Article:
When I was maybe three years old, I wanted to write. I didn’t yet know what being a writer meant. I just wanted to take a pen or pencil and say things with it that other people could read.
I remember trying to copy the shapes of words and letters off of my father’s can of shaving cream. I remember making wavy squiggles with a pen and asking the lady next door to tell me what they said. “Water, water, water,” was her reply. And yes, I remember scrawling my name, in lurid crayon colors, on all my big sister’s books. (She did not find that particularly profound or cute.)
To me, writing is as powerful as it was for the druids. Despite any New Age or King Arthur legendary stuff about shape changing and crystals, the real magic of the Celtic druids was their ability to write. This gave them the power to do amazing things, such as keep records of someone’s property and put down for posterity the shenanigans of some chieftain, thus ruining his reputation. The fact that one druid on the east coast of Ireland could make marks that another druid on the west coast of Ireland could read and understand was truly magic. And it still is.
Philosophical treatises, mathematical theorems, wills, census records, stories, letters, poems – everything written down has the power to go through time and space to connect people’s minds.
My first success as a writer came in fourth grade. I wrote the class Christmas poem, which was about a snow fairy. It “borrowed” a lot from Longfellow and “The Night Before Christmas,” as I recall. By fifth grade I was onto more adult stuff, writing a story about a sleek and beautiful black-haired woman standing on the stone balcony of some mansion, caught between the raging sea below and a handsome man in a tuxedo pouring champagne in the room behind her. Deciding between the two, she threw herself into the sea. Ahhh – what prophecy! But that’s another story for another day.
To have a passion for writing is different from having a passion to make a living as a writer – very different. It’s a good thing I didn’t develop the latter, since I couldn’t make a living on what I earn as a writer. Anyway, I love my paying job as a teacher. And so I’ve been able to shamelessly write what I am compelled to and passionate about. Some of it isn’t good. But I’m still glad that I wrote it. I always try to learn something from the process of writing, and I do, even if it’s learning what constitutes bad writing.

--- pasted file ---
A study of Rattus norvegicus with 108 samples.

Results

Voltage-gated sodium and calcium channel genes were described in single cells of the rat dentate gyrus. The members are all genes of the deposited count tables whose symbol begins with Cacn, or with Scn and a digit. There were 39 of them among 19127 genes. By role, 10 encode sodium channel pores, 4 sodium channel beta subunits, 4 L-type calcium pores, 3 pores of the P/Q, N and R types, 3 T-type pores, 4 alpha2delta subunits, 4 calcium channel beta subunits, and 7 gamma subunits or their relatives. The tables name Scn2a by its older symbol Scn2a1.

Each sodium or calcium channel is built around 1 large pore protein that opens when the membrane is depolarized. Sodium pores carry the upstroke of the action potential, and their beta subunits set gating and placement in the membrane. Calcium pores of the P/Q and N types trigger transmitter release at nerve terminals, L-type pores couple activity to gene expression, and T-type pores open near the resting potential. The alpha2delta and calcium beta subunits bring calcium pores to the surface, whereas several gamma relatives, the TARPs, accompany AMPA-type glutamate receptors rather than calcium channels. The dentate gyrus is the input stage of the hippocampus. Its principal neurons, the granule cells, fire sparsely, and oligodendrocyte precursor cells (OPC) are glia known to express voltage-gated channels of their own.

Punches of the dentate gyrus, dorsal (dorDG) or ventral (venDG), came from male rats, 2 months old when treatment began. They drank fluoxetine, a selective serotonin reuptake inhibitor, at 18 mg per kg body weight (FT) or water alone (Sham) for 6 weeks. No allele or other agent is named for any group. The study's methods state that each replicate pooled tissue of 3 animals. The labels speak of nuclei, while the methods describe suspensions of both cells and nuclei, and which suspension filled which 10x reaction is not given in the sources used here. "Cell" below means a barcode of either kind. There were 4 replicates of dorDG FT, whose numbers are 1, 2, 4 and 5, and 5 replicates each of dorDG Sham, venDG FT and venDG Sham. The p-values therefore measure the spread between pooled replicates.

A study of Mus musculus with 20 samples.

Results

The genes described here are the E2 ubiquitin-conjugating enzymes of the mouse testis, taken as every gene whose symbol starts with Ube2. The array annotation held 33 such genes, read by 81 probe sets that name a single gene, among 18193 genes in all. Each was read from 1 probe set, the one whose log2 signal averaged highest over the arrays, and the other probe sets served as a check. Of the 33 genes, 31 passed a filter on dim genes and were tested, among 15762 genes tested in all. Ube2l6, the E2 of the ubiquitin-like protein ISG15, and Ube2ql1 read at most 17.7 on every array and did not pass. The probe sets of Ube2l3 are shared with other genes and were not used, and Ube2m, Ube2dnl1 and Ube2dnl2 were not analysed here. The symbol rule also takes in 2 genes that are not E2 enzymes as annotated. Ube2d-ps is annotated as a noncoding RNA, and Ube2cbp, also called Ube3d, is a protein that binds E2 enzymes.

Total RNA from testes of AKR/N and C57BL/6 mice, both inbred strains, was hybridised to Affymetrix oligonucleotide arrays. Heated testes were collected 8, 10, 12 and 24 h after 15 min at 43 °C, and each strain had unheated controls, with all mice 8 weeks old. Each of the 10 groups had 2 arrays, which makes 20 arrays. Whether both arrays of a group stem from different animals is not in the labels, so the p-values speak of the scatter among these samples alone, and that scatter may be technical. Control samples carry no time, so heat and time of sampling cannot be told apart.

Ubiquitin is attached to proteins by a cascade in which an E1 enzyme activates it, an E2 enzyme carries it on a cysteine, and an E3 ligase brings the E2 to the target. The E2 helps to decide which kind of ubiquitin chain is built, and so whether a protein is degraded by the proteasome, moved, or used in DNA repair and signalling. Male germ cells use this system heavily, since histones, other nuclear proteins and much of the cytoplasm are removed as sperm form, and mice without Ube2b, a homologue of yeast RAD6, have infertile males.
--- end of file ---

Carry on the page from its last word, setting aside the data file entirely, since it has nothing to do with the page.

Mostly what I want to learn is what is noble. That seems like an old-fashioned word now, something with the scent of class and snootiness. But I use the word “noble” to describe someone who has integrity and tries to act, even live, according to it – no matter what.
Teaching and traveling and hanging with friends, in these things I have to put my actions where my writing is, and I don’t always come through in a noble way. So without these worlds outside of writing, I wouldn’t have much to say and might get fooled by my own bullshit.
Every now and then, I get a crippling sinus headache that not much can be done about other than starting a regiment using items from Walgreen’s larder and lying in bed. These headaches are less frequent now, but when one hits, I’m doomed to about 24 hours of non-action.
During the last bout of pain I listened in the dark of my room to a wonderful reading of Henry David Thoreau’s Walden. Thanks to my friend Catharine, who lives near Walden Pond, I’ve swum in its waters, stood on the site where Thoreau noted the sounds and sights and thoughts the rest of us could experience through his work long after he died. He wrote, “I went to the woods because I wished to live deliberately, to front only the essential facts of life, and see if I could not learn what it had to teach, and not, when I came to die, discover that I had not lived.”
In today’s vernacular, “Oh – My – God.”
I wish for all of us to dive fully into what inspires us, whether it be painting or food or children or tennis or singing or whatever, and that we do not do it to make a living, but to live, no matter how exhausted we are from making a living.
Writing is where I live most fully. And I’m glad I can be a demented old woman and still write, even if it’s back to “Water, water, water.”